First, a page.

Miso Music is the second technology centric entrant into the Shark Tank this week. It’s an app that teaches you how to play music! Miso Music, part of Miso Media, is the brainchild of Mr. Aviv Grill and his partners, Joselle Ho and Ryan Tsukamoto. Mr. Grill’s dad was a recording engineer and his mom was an opera singer. He hooked up with the aforementioned guys from Cal Tech and his wife to launch Miso Media in 2008, but the company and product didn’t really take shape until last year. They launched Miso Music in May of 2011.
Miso Music essentially allows a musician to record into an iPad and receive immediate feedback from the app. The company has plans to roll out apps for the Droid and the iPhone in the future. Mr. Aviv Grill describes it on the website as “a new way to learn to play plectrum-style instruments such as the guitar, ‘ukulele, bass, banjo, tenor banjo, and mandolin. Our patented polyphonic note detection software uses your device’s built-in microphone to determine if the correct notes are being played, giving you instant feedback. Think Guitar Hero with real notes, real instruments, and real learning.”
The app itself doesn’t cost anything. The company makes its money when you download a song you wish to learn. The song is converted into the app’s “tablature” so it can be read like sheet music. Only string instruments are currently supported and you can upgrade to a subscription version of the app for $15 a month. Similar software that is currently available that has the same functionality as the free version of Miso Music sells for north of $600. Future developments include sheet music publishing and virtual instruments you can actually play right on your iPad.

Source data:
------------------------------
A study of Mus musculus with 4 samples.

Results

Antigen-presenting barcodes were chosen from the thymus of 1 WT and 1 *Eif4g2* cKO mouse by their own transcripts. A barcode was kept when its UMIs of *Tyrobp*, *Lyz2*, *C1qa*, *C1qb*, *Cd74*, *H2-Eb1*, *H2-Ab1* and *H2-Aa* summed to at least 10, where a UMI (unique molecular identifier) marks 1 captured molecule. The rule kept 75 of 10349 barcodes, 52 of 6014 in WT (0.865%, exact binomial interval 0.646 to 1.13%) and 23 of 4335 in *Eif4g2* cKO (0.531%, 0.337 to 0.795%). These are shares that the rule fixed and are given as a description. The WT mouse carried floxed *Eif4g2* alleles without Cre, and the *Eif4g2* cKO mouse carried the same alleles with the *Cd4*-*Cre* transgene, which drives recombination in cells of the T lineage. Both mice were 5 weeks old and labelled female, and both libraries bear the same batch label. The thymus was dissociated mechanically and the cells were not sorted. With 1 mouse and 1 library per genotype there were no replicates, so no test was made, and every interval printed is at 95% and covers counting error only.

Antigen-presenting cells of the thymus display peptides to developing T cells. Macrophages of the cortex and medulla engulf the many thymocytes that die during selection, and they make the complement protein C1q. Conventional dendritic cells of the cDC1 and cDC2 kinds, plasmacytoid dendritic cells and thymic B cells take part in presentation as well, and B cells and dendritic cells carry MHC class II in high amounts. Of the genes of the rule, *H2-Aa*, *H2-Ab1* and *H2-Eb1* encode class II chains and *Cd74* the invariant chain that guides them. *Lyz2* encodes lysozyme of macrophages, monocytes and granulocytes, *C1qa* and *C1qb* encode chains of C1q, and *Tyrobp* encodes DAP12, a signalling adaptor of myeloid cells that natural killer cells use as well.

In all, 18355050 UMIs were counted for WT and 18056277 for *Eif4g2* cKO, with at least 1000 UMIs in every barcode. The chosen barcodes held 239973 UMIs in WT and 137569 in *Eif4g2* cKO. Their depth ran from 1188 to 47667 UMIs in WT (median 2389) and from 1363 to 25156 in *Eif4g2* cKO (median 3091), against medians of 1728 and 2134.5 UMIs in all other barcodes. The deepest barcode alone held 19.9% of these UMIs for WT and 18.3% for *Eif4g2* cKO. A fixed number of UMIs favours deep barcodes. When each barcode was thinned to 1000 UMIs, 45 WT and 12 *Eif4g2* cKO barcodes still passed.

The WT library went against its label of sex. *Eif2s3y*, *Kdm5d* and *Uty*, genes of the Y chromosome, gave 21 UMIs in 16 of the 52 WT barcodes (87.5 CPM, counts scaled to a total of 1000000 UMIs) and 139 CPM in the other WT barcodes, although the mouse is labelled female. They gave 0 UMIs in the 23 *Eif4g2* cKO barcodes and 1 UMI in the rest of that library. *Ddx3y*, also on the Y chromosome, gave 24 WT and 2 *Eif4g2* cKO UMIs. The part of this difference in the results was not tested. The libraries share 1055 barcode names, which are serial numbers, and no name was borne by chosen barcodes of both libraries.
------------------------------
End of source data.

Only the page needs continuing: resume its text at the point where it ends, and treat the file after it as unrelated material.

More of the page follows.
As far as the cool factor goes, this is an eleven on a scale of 1-10. This product will teach people to play music! I am sure Miso Media and Aviv Grill will be a big success.
Will Miso Music and Aviv Grill Get Funded?
I have two reasons I don’t think they’ll get funded by the Sharks though. The first is the Sharks have a history of shying away from apps. They take too long to turn a profit and there is too much downside risk for the type of investing they are interested in. The second reason is this company is fairly well capitalized. They raised about $3 million of VC money in the past year or so. Google Ventures gave them $600,000. The rest came from a variety of sources, including Justin Timberlake!